Since the campaign launched at the start of September, the Evening Post have published 22 articles and letters relating to Hooters.
I wonder why?
The Evening Post asked BFN and Bristol Fawcett for a statement, which we provided. When we sent them the statement we requested the following:
- we'd be very happy for you to quote the entire statement
- If you are going to cut the statement, please quote only from paras 1 and 3 as Para 2 must only be quoted in the context of Paras 1 and 3.
We hope that this will be acceptable to you and to the EP, please let us know if for any reason it would be a problem.'
We did not receive any reply saying that this would be a problem. However, surprise surprise, the Evening Post decided to do the exact opposite of what we requested, quoting from para 3 without the context of the rest of the information.
'Bristol Feminist Network and Bristol Fawcett Society issued a joint statement criticising the chain and the council for giving Hooters licensing approval.
It said: "The presence of a Hooters in Bristol is a negative step for the city, and it damages the reputation of the Harbourside and the city as a whole.
"It peddles a thoroughly out-of-date concept of relationships between men and women.
"A brand that promotes ogling at women as an activity alongside paying to be served food or drink actively blurs the boundaries between private relationships and the public standing of women."
What is their agenda? Why are they so determined to paint feminists in a bad light, feminists who have held the council (the EP's bete noir) to account when over and over again the EP have failed to do so. Feminists who are working to make this city a better and safer place for women and men. Mike Norton, editor of the EP tells us he loves this city. Yet he refuses to show that one of the reasons this city is so great is because of its diversity and its communities.
The EP see women as a minority group, with women's issues as minority issues. I don't know whether it is because they are still angry with us over the embarrassment we caused them over Dita Von Teese, but their insistence on 'having a go' at women and men who want to make Bristol a better place is selfish, juvenile and, to coin his own phrase, 'bad for Bristol.'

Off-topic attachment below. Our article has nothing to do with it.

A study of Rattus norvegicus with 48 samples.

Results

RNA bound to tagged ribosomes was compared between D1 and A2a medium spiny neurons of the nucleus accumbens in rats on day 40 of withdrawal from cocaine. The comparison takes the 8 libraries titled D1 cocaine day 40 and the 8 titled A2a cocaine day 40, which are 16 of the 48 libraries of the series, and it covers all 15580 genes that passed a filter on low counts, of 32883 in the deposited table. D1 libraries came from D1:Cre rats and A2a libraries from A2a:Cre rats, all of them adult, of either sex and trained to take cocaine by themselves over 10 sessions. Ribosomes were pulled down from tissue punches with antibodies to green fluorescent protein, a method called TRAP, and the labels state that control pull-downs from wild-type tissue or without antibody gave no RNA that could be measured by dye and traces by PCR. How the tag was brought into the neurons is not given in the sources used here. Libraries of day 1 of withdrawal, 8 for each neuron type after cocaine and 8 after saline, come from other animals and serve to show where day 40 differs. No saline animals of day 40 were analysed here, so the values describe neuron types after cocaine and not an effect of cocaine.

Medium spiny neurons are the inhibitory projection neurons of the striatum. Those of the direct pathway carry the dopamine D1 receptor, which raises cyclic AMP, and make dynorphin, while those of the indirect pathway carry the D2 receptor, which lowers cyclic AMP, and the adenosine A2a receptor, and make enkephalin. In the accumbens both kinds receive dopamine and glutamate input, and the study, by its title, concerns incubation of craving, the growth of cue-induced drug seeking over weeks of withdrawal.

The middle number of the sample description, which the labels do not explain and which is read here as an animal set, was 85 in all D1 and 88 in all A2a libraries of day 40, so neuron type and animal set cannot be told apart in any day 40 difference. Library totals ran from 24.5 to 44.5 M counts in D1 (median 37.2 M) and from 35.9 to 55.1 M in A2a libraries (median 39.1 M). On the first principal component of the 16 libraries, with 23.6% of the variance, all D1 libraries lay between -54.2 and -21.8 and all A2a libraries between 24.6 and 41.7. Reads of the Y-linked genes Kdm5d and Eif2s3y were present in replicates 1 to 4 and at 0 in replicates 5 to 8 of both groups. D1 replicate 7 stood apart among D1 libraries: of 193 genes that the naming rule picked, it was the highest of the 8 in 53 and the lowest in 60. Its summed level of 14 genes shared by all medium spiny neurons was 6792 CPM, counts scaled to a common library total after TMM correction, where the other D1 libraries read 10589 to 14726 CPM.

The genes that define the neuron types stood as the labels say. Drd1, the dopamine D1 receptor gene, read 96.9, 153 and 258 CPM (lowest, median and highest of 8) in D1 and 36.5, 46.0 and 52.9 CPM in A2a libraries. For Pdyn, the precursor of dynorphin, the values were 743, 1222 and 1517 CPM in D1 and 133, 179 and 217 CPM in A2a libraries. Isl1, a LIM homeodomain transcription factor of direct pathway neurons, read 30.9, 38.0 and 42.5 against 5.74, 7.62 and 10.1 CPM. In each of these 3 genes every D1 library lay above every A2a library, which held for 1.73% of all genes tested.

For your reference, here's the rest of the statement:
JOINT STATEMENT BY BRISTOL FEMINIST NETWORK AND BRISTOL FAWCETT
1. Bristol Fawcett and Bristol Feminist Network are disappointed that a license to operate a 'Hooters' restaurant was granted to Gallus Management by a subcommittee of Bristol City Council. The lack of transparency in the license application resulted in a wholly undemocratic process in awarding the license. Furthermore, we do not believe that the reason given by the Chair of the Licensing Committee, that Hooters offers "something different" to Bristol, was sufficient justification for granting a license in a Police and Council designated Cumulative Impact Zone. Quite aside from further concerns, we are clear that a new 'Hooters' restaurant on the Harbourside will categorically have negative impact upon the four Licensing Objectives as set out in the Licensing Act, and will quite obviously contribute to Cumulative Impact.
2. The presence of a 'Hooters' in Bristol is a negative step for the city, and it damages the reputation of the harbourside and the city as a whole. It peddles a thoroughly out-of-date concept of relationships between men and women. A brand that promotes ogling at women as an activity alongside paying to be served food or drink actively blurs the boundaries between private relationships and the public standing of women. This blurring of boundaries is bad news for women and men alike.
3. We are also very disappointed that Marks and Spencer has chosen to align itself with the Hooters brand. M&S has a clear ethical policy (known as 'Plan A') and has signed up to the Mumsnet 'Let Girls Be Girls' campaign. We do not believe that their ethical stance is compatible with their decision to do business with an exploitative restaurant chain.